Writing SEO content for your blog or site can be a little intimidating when you start out – if it’s not, it probably means you’re not doing it right. Simply smacking a post on your blog isn’t going to achieve anything; you need to make sure it’s ticking certain boxes so that search engine crawlers will find your article tasty enough to bump it up the search chain.
I’ve been working online for almost seven years now and in that time, through a lot of trial and error, I’ve settled on a number of basic techniques that I apply every time I post a new article.
If you’re really trying to drive traffic to your site and increase brand exposure, you need to be asking yourself these 12 questions every time you create a post.
1. Who are you writing for?
Before you do anything, identify your audience. Whether you’re trying to sell a product or get your name known in a certain industry, study your target market inside and out. Identify their needs, wants, problems and interests, and then cater your content to these things.
2. What are your keywords?
It’s important to be aware of the keywords potential clients will be searching or keeping an eye out for. Make sure your content contains these words or phrases, but don’t overdo it. In the olden days (like, three years ago in Internet Time) keyword stuffing was the cheat’s trick to optimising articles. Thankfully crawlers are smarter now and actually penalise people for that kind of thing. Be smart about including your keywords and make sure they’re a natural fit…
3. Is your content engaging your target?
If it’s not informative, interesting, compelling and most importantly, relevant to your audience, you shouldn’t be posting it. Find your niche and stick to it. It also doesn’t hurt to have a catchy headline – just don’t go down the road of click-baiting.
4. Is your writing high quality?
No one expects you to be Shakespeare, but your content should be as perfect as you can make it. Read it out loud to see if your writing has a good flow and Oh Dear God, there should not be a single spelling or grammar mistake. This makes your article look sloppy and you look unprofessional.
5. Are you too proud to ask for help?
Hiring a professional copywriter isn’t a sign that you’ve given up or failed; in fact, it could be the best move you make. If you’re not a natural writer or comfortable with SEO practices, it will take you a lot longer to create an article than an experienced copywriter. Yes, you’ll have to pay them, but just how much money could you have made during the hours it took you to research, write and slave over the post you wrote yourself? Probably a good deal more than you paid the copywriter who whipped it up in no time.
6. What about word counts?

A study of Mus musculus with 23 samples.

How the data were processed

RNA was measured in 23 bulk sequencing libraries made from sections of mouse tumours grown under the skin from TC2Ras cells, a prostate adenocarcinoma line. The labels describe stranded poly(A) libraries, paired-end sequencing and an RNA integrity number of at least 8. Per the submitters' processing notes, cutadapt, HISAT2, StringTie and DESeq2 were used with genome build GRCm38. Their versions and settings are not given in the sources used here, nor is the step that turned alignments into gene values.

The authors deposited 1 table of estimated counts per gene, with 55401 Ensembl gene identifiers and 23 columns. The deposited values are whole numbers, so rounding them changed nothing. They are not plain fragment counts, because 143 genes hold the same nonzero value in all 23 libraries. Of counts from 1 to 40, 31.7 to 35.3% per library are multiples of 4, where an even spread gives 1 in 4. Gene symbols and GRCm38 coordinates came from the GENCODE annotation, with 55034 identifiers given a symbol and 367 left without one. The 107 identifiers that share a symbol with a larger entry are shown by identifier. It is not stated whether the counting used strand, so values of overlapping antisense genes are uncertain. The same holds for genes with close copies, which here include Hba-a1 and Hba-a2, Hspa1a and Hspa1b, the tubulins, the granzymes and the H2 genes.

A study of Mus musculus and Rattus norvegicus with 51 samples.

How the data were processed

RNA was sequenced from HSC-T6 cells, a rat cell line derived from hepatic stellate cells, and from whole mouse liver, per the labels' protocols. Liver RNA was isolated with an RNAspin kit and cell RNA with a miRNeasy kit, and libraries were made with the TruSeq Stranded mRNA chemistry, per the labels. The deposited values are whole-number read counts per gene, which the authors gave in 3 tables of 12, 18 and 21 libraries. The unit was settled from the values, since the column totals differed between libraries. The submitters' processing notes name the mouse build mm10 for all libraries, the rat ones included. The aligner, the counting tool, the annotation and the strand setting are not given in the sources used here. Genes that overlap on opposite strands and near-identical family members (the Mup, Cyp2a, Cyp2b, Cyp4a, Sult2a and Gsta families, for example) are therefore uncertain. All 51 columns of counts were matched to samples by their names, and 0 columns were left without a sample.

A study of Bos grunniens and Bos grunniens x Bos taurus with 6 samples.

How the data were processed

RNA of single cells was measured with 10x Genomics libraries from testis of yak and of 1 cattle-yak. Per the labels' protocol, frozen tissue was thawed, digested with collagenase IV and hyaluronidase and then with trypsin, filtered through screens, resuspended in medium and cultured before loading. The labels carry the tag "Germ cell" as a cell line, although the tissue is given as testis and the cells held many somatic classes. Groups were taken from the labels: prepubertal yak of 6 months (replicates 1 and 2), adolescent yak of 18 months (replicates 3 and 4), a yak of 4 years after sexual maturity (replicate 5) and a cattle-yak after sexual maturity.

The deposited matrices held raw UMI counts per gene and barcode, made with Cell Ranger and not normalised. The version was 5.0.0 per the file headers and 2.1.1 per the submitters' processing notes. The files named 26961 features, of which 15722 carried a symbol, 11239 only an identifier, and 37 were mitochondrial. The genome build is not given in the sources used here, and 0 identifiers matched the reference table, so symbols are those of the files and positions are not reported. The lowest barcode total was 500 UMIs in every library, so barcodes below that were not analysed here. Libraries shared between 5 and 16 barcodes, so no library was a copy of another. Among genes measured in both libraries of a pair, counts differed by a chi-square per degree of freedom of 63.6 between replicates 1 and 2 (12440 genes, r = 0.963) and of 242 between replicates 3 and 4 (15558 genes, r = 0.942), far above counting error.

This really depends on what you’re writing. If it’s a recipe, beauty tutorial or celeb story, shorter is probably better. But if it’s an article people will be coming to for information, like a finance article, they’re going to be looking for a longer piece that’s full of everything they need. But rather than counting words, make sure your content quality is top notch and more often than not, the right word count will happen naturally.
7. Are you interacting with your audience?
You’d better be! Get into conversations, offer advice, defend your ideas – you’re inviting people to engage with you every time you publish a blog post, so don’t sit back and ignore them when they turn up for chat. It’s also worth commenting on other articles published within your industry that you find interesting.
8. Are you being self-centred?
Social media is so important when it comes to promoting your brand, but are your Twitter, Facebook and LinkedIn pages shrines to everything you’ve written? Link to other people’s (relevant) articles, videos, webinars and offers. Let your audience know you’re a one-stop-shop for your subject and not just incredibly self-involved.
9. How often are you posting?
In the words of Ty from Clueless: “I hope not sporadically!” You should be publishing articles at least once a week. Show your audience you’re reliable and make sure you’re staying on their radar. Ideally, 2-3 posts a week would be wonderful, but that’s not always possible, so start with one each weekend, see if you can build from there and stay consistent.
10. Are you linking to outside sources?
Don’t be selfish. Sharing some of your attention with others can actually boost the SEO quality of your content, as well as help you forge new relationships. If you are linking to an outside source, MozBar is downloadable toolbar that helps you identify quality links by providing you with that page or site’s SEO rankings.
11. Are you encouraging others to link to you?
Did you feature someone on your site either through a review or an in-depth interview? If so then get them to link to the article from their site. And don’t think size matters. Even if you’ve just given someone a quick mention in an article, let them know via Twitter or Facebook and you could get your article reposted to their followers!
12. Are you giving people something new?
There’s a lot of content online and one big mistake first-timers make is rehashing (and sometimes plagerising!) other articles that are out there, even if they’ve no experience or education in that area. Come up with fresh ideas that showcases what’s special about you and your business and watch the traffic come flowing in.